JOURNAL ARTICLE

Overexpression and nuclear translocation of hypoxia-inducible factor prolyl hydroxylase PHD2 in head and neck squamous cell carcinoma is associated with tumor aggressiveness

Terhi Jokilehto, Krista Rantanen, Marjaana Luukkaa, Pekka Heikkinen, Reidar Grenman, Heikki Minn, Pauliina Kronqvist, Panu M Jaakkola
Clinical Cancer Research 2006 February 15, 12 (4): 1080-7
16489060

PURPOSE: Hypoxia in tumors is associated with poor prognosis and resistance to treatment. The outcome of hypoxia is largely regulated by the hypoxia-inducible factors (HIF-1alpha and HIF-2alpha). HIFs in turn are negatively regulated by a family of prolyl hydroxylases (PHD1-3). The PHD2 isoform is the main down-regulator of HIFs in normoxia and mild hypoxia. This study was designed to analyze the correlation of the expression and subcellular localization of PHD2 with the pathologic features of human carcinomas and HIF-1alpha expression.

EXPERIMENTAL DESIGN: The expression of PHD2 was studied from paraffin-embedded normal tissue (n = 21) and head and neck squamous cell carcinoma (HNSCC; n = 44) by immunohistochemistry. Further studies included PHD2 mRNA detection and HIF-1alpha immunohistochemistry from HNSCC specimens as well as PHD2 immunocytochemistry from HNSCC-derived cell lines.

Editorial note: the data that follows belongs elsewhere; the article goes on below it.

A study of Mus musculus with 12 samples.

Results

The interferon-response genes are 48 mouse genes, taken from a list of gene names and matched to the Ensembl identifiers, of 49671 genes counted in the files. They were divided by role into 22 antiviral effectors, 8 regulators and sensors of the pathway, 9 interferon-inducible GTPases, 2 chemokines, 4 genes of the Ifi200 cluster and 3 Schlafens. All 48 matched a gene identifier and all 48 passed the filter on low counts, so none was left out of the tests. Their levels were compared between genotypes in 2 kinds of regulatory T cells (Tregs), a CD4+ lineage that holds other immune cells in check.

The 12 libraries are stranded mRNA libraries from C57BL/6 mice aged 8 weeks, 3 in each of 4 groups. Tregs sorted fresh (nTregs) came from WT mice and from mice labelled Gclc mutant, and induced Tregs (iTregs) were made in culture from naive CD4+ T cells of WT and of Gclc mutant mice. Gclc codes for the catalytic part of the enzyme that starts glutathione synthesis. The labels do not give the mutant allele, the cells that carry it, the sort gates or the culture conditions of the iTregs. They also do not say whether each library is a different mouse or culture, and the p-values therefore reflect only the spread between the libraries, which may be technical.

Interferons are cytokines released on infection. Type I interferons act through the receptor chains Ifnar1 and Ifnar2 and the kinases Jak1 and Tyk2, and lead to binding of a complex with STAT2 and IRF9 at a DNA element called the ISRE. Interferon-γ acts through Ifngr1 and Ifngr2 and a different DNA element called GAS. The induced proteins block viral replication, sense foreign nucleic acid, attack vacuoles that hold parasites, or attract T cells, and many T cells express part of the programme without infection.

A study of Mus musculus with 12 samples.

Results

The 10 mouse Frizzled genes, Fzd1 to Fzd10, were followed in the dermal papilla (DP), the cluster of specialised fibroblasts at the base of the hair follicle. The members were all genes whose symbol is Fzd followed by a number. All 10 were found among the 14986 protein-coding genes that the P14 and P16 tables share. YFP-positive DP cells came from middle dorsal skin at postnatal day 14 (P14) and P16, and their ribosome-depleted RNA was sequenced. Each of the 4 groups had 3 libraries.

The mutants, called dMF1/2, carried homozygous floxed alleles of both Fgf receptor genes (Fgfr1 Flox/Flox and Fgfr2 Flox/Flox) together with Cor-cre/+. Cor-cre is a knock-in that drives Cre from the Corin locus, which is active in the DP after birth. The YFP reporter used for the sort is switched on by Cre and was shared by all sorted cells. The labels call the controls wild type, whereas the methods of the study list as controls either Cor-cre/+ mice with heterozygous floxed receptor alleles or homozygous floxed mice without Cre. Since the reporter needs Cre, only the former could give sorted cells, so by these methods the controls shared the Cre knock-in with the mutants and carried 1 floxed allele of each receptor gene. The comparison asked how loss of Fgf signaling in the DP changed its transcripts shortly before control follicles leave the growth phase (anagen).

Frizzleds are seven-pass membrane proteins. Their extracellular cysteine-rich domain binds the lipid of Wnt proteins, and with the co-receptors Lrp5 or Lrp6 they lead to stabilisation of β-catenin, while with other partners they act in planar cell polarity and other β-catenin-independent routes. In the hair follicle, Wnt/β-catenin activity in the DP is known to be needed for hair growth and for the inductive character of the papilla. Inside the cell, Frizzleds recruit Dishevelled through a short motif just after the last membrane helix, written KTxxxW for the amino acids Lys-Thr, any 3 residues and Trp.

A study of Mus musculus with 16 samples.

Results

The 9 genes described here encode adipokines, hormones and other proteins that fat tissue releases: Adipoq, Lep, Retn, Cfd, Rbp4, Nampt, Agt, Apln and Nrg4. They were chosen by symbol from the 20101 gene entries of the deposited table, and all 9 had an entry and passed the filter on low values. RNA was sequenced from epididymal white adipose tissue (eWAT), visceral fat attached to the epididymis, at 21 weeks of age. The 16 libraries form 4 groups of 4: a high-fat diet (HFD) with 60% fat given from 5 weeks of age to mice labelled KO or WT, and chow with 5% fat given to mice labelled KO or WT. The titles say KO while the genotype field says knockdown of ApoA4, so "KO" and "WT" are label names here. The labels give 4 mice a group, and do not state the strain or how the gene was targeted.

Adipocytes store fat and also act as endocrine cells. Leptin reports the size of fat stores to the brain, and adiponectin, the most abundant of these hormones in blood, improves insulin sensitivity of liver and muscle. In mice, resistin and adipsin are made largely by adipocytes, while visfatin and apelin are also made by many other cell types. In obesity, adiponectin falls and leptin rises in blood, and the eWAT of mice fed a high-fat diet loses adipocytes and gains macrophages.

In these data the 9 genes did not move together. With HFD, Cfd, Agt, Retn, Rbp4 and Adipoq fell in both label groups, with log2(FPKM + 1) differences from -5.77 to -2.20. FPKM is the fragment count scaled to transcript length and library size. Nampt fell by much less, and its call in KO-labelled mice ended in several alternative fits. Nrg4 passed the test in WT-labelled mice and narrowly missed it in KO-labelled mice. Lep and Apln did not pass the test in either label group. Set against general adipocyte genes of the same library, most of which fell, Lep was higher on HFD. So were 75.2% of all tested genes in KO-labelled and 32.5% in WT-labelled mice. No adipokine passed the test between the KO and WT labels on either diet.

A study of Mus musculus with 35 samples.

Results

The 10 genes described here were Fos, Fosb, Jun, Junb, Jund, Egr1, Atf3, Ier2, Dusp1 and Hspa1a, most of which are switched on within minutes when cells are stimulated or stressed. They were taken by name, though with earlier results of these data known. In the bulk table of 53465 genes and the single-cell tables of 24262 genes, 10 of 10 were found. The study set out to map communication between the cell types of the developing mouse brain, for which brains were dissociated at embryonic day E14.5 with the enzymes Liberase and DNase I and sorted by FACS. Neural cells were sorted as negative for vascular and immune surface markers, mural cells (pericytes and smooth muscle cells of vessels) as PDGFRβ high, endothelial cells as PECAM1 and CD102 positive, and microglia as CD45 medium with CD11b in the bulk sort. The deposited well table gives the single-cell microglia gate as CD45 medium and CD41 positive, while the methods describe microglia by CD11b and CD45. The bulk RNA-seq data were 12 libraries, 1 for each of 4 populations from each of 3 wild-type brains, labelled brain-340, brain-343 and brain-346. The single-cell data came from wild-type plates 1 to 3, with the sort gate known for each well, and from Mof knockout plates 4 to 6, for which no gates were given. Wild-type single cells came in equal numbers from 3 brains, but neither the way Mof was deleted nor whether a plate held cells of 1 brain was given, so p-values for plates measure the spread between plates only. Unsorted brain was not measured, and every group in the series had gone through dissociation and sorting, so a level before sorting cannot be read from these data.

RESULTS: In noncancerous tissue, PHD2 is robustly expressed by endothelial cells. In epithelium, the basal proliferating layer also shows strong expression, whereas the more differentiated epithelium shows little or no PHD2 expression. In HNSCC, PHD2 shows strongly elevated expression both at the mRNA and protein level. Moreover, PHD2 expression increases in less differentiated phenotypes and partially relocalizes from the cytoplasm into the nucleus. Endogenously high nuclear PHD2 is seen in a subset of HNSCC-derived cell lines. Finally, although most of the tumor regions with high PHD2 expression show down-regulated HIF-1alpha, regions with simultaneous HIF-1alpha and PHD2 expression could be detected.

CONCLUSIONS: Our results show that increased levels and nuclear translocation of the cellular oxygen sensor, PHD2, are associated with less differentiated and strongly proliferating tumors. Furthermore, they imply that even the elevated PHD2 levels are not sufficient to down-regulate HIF-1alpha in some tumors.